In “Mischiefs of Faction”

Building border fences. Restricting immigration. Scapegoating migrants. These are the well-worn strategies of the American and European right wing, in part because they speak to concerns of base voters, even if they aren’t always broadly popular. But these vote-getting strategies aren’t exclusive to right-leaning parties. Last week, the latest rash of xenophobic violence in South Africa left many international commentators pointing fingers at parties across the political spectrum for stoking xenophobic and anti-African migrant violence.


Xenophobic violence has been a persistent problem in South Africa, but the recent clashes prompted an international diplomatic fight between two of Africa’s regional powers: South Africa and Nigeria. South Africa temporarily closed its diplomatic missions in Abuja and Lagos, while Nigeria announced plans to boycott a major economic summit in Cape Town on intra-African trade. Protesters in Nigeria also retaliated with violence against South African-owned businesses. How did things deteriorate so quickly? Here’s what you need to know.

Last month, South African white rights activists toured the United States on a media and lobbying campaign. Members of this group, which they call “AfriForum,” aim at drawing attention to what they allege has been a campaign of violence against white farmers, ignored by the government for racial reasons. They met with staff and members of Congress. They were interviewed on conservative media outlets such as Fox News, BlazeTV, and the One America News Network. The tour was their second in less than a year. No evidence exists that white South Africans are indeed targeted by excess violence. Rather, these groups use the fear of targeted racial violence to find sympathetic audiences to pressure their government into action. Here’s what you need to know about South African white rights activism.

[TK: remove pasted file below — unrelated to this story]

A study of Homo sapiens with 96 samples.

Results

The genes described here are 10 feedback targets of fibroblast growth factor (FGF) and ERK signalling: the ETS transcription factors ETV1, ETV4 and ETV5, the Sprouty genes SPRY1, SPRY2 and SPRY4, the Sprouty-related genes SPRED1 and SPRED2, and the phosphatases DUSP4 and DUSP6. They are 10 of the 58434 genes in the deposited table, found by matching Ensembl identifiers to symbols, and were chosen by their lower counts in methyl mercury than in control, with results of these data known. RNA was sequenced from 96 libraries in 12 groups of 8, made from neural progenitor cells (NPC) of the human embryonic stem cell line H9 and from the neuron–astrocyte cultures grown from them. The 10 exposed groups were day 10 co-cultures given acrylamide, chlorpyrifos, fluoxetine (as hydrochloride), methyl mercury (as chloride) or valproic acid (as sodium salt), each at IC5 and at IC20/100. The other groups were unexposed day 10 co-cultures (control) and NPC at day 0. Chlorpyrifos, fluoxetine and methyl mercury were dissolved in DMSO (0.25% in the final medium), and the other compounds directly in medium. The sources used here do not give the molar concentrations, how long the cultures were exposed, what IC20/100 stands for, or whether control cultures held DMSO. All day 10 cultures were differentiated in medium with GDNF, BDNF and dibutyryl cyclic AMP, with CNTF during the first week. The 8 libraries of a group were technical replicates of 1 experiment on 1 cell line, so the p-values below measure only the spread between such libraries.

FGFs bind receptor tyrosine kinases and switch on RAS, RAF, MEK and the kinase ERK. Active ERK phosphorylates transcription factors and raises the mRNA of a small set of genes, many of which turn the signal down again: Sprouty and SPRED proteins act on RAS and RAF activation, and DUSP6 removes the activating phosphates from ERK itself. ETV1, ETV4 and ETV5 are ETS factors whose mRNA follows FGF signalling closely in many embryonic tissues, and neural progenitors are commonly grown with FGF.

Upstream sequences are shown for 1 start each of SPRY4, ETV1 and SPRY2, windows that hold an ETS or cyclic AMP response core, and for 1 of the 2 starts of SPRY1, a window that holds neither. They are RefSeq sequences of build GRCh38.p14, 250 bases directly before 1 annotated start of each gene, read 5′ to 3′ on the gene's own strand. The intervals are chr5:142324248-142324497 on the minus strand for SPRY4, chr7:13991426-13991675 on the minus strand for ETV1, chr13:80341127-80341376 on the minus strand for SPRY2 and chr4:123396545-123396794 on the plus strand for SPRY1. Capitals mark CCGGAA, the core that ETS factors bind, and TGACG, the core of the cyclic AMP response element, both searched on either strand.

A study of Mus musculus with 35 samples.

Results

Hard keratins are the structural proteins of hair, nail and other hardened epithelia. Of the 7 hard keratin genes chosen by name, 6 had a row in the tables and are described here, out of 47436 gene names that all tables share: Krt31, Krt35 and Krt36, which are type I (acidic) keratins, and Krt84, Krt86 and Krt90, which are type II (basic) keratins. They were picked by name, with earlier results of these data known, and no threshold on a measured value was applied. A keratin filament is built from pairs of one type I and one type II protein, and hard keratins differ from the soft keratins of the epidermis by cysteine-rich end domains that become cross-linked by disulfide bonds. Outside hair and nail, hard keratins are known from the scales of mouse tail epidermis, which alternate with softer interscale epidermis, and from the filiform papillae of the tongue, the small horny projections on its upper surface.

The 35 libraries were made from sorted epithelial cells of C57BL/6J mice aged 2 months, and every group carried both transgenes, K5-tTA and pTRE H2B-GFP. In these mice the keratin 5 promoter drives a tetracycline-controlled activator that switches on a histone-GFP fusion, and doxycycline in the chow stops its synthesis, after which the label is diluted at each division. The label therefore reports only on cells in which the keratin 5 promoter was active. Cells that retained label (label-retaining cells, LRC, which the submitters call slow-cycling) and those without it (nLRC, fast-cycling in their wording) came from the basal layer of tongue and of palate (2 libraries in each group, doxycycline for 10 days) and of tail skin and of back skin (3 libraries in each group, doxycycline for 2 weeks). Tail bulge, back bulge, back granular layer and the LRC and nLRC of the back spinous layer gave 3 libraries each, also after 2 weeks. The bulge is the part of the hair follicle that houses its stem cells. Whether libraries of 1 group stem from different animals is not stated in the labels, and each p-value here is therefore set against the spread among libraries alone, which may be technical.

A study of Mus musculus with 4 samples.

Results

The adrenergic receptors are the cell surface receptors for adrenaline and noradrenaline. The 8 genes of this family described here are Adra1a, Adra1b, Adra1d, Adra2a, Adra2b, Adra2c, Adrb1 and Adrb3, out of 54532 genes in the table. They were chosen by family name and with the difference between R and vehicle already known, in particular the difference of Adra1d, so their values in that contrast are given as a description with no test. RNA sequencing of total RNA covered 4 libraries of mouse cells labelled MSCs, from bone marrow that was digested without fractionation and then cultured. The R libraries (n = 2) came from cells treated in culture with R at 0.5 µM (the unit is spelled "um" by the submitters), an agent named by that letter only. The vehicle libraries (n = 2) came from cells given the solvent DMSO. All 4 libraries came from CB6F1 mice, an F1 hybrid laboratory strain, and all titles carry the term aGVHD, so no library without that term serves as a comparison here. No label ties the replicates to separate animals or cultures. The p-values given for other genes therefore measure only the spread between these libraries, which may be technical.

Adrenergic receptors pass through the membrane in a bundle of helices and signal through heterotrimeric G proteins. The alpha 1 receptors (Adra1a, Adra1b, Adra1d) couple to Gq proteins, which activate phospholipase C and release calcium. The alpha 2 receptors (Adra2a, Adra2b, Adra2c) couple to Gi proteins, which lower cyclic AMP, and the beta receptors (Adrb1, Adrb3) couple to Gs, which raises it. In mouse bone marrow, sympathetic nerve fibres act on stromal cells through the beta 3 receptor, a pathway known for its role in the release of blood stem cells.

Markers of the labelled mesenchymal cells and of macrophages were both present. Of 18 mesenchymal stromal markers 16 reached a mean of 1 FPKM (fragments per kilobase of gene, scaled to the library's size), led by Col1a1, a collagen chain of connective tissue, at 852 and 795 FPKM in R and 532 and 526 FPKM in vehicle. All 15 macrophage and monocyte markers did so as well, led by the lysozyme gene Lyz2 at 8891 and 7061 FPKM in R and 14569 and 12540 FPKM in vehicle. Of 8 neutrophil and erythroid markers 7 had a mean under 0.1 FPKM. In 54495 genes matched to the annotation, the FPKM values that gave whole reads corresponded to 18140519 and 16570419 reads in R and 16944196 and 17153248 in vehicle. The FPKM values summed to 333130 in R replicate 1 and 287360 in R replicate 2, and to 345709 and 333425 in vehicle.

Outraged protesters demanded the removal of statues and monuments celebrating racism and oppression. Traditionalists objected to “erasing history,” even though the memorials were erected years after that history, specifically to remind viewers of white domination and superiority. Sound like the recent U.S. debate over Confederate symbols? It’s also the story of South Africa’s recent debate over monuments to white minority rule. So what, if anything, can the United States learn from South Africa’s similar controversies?